Strategies, Best Practices and Thought Leadership

Pricing and Profitability – The Other Side of CECL

It is extremely hard not to run into a Current Expected Credit Loss (CECL) article, webinar or whitepaper these days!  This new FASB standard has a lot of financial institutions looking for answers and consultants anywhere they can find them, and some institutions do seem a bit overwhelmed—and rightfully so.  Back in 2015, Deloitte conducted a survey of hundreds of U.S.-based banks and asked them about concerns around CECL.  Concerns that made it to the top included:

  • The necessary level of coordination between finance, credit, risk, IT, and others to execute the implementation
  • Availability of data
  • Capacity to design, build, and test new models with limited internal resources with the expertise required
  • Capability to plan and execute a program of this size in parallel with other current initiatives

Fast forward to today and these are still the top concerns that I hear.  So who does a bank look to for help with CECL?  It may sound strange, but I think one of the best places to look is at the folks internally who are running your pricing and profitability efforts!  That’s right.  You need to flip CECL on its head and instead of looking at the expected loss, you need to look at expected profit.  In fact folks, I think I will coin the phrase Current Expected Credit Profit, or my new favorite acronym CECP (not yet found on Google, in this context).

First, you cannot do commercial relationship pricing effectively without involving finance, credit, risk, and IT.  Go and ask the people handling your pricing how they have managed and developed those relationships.  They will be able to help point you in the right direction, which will help any CECL implementation.

Second, data, data, data.  Enough said. But to restate the obvious, you need data for almost anything—especially accurate relationship pricing.  Granted, you may not need historical data as much, but you need data, and you need the know how to obtain and manage that data.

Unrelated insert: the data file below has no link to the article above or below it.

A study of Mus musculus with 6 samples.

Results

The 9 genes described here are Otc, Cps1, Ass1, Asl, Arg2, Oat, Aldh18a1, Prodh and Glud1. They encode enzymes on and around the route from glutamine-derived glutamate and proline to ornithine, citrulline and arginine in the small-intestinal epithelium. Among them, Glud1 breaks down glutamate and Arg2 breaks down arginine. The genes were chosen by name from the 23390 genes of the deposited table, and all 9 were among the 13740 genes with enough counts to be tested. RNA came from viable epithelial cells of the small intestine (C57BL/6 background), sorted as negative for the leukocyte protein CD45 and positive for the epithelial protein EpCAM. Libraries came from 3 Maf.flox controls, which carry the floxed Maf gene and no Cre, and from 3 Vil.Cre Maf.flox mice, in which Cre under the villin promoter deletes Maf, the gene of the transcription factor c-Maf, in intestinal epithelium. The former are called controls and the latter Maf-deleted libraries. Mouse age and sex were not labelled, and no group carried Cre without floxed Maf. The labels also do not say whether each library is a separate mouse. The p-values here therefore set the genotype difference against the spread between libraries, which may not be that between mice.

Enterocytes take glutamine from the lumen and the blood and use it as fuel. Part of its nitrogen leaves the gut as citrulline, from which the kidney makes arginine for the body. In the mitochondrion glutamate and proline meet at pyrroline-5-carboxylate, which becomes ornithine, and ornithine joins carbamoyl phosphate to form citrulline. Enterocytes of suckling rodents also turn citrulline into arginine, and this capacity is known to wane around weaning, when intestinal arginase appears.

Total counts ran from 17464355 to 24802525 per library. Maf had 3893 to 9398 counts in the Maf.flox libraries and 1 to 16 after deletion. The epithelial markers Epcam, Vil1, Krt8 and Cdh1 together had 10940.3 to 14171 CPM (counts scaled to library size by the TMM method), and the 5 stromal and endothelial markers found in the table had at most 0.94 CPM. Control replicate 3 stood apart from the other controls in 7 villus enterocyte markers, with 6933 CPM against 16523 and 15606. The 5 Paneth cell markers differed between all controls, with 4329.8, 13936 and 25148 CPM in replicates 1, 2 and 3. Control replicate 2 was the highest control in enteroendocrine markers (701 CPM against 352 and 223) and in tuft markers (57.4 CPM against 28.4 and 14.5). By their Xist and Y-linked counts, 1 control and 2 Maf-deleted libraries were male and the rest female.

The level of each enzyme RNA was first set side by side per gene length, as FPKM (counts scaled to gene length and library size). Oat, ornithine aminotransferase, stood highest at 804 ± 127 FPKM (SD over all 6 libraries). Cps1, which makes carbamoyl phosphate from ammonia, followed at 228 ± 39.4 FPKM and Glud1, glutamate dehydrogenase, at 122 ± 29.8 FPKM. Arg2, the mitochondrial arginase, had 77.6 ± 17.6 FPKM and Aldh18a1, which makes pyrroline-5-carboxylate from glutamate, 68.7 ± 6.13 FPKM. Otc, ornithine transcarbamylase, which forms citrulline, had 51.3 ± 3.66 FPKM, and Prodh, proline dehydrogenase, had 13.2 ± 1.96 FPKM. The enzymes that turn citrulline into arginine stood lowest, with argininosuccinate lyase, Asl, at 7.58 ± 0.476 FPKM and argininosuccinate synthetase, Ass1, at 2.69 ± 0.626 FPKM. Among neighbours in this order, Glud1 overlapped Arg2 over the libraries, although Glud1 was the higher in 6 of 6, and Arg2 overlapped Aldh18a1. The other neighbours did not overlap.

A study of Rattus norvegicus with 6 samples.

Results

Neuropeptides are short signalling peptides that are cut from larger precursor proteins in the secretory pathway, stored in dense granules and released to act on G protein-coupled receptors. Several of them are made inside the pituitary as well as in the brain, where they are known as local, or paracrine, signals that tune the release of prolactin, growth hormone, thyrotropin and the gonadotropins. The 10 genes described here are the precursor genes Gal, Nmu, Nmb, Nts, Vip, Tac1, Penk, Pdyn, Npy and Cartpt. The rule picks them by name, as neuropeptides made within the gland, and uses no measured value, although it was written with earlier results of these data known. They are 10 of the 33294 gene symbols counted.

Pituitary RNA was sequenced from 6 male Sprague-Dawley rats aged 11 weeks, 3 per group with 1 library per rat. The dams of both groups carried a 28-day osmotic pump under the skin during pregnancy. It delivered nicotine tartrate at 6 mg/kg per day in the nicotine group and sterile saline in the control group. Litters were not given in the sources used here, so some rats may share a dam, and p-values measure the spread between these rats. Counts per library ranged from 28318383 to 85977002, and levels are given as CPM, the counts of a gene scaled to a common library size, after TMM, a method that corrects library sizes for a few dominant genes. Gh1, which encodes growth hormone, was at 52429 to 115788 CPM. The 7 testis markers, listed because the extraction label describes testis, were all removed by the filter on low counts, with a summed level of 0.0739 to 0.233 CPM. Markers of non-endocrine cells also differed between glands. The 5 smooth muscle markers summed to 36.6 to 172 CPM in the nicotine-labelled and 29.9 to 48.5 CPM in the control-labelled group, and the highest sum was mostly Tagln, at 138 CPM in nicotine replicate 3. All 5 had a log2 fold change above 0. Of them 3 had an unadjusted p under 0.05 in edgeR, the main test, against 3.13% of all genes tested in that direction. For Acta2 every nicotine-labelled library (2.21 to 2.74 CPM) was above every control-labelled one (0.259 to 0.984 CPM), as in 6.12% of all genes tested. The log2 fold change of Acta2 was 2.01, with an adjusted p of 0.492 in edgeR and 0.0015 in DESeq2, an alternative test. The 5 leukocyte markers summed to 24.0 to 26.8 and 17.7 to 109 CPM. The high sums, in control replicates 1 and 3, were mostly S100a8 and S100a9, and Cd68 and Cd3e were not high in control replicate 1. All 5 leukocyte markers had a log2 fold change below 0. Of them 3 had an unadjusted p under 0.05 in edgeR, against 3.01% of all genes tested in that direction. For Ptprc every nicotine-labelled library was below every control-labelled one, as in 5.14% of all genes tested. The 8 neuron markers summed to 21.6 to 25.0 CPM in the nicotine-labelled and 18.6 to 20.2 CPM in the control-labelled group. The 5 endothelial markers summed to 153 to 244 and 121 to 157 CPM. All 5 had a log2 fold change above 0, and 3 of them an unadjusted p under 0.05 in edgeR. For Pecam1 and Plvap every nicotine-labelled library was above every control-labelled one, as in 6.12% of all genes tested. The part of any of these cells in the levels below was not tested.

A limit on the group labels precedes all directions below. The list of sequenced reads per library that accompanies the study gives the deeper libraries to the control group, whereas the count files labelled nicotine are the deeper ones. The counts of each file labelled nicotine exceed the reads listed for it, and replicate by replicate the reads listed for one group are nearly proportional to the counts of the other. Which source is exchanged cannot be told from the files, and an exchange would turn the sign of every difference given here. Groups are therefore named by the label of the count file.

Regarding capability:  I have never seen a bank with a large pricing and profitability department.  Managing pricing and profitability was my first job at Zion’s Bank back in the day—and it was the best job ever for someone wanting to know how a bank worked.  In this role, I had access to the people, data, and systems that brought the entire commercial pricing relationship together. However, it was just me when it came to “full-time job” status.  Yes, it took a village in terms of data, but no one else was assigned or focused on driving to the end goal of knowing what our profitability looked like.  Unfortunately, when I speak to a lot of banks, if there is a pricing and profitability team it doesn’t have a very deep bench either.  Again, leverage the experience of these pricing and profitability folks to help address a CECL initiative.  They know what it is like to run lean, so take advantage of that.

So, flip CECL on its head and look at the Current Expected Credit Profit or CECP for help with this new FASB standard.  Besides, revenue is more fun to deal with than loss!


Mike Horrocks


As the Vice-President of Product Management at Baker Hill, Horrocks’ responsibilities include the identification and development of new market opportunities in the business of lending, risk management, and analytics for financial institutions. Mike holds a MBA both in International Finance and Venture Technology Management from Indiana University and a B.S in International Finance from Brigham Young University.

Before joining Baker Hill, he held executive positions within several other organizations, including Experian, Profit Technologies, SAIC, Broadway and Seymour (FIS), Zions First National Bank and Zions Data Corporation.

Horrocks is a member of many associations including the Risk Management Association and Bankers Without Borders. In his free time, he enjoys traveling internationally with his wife and five children.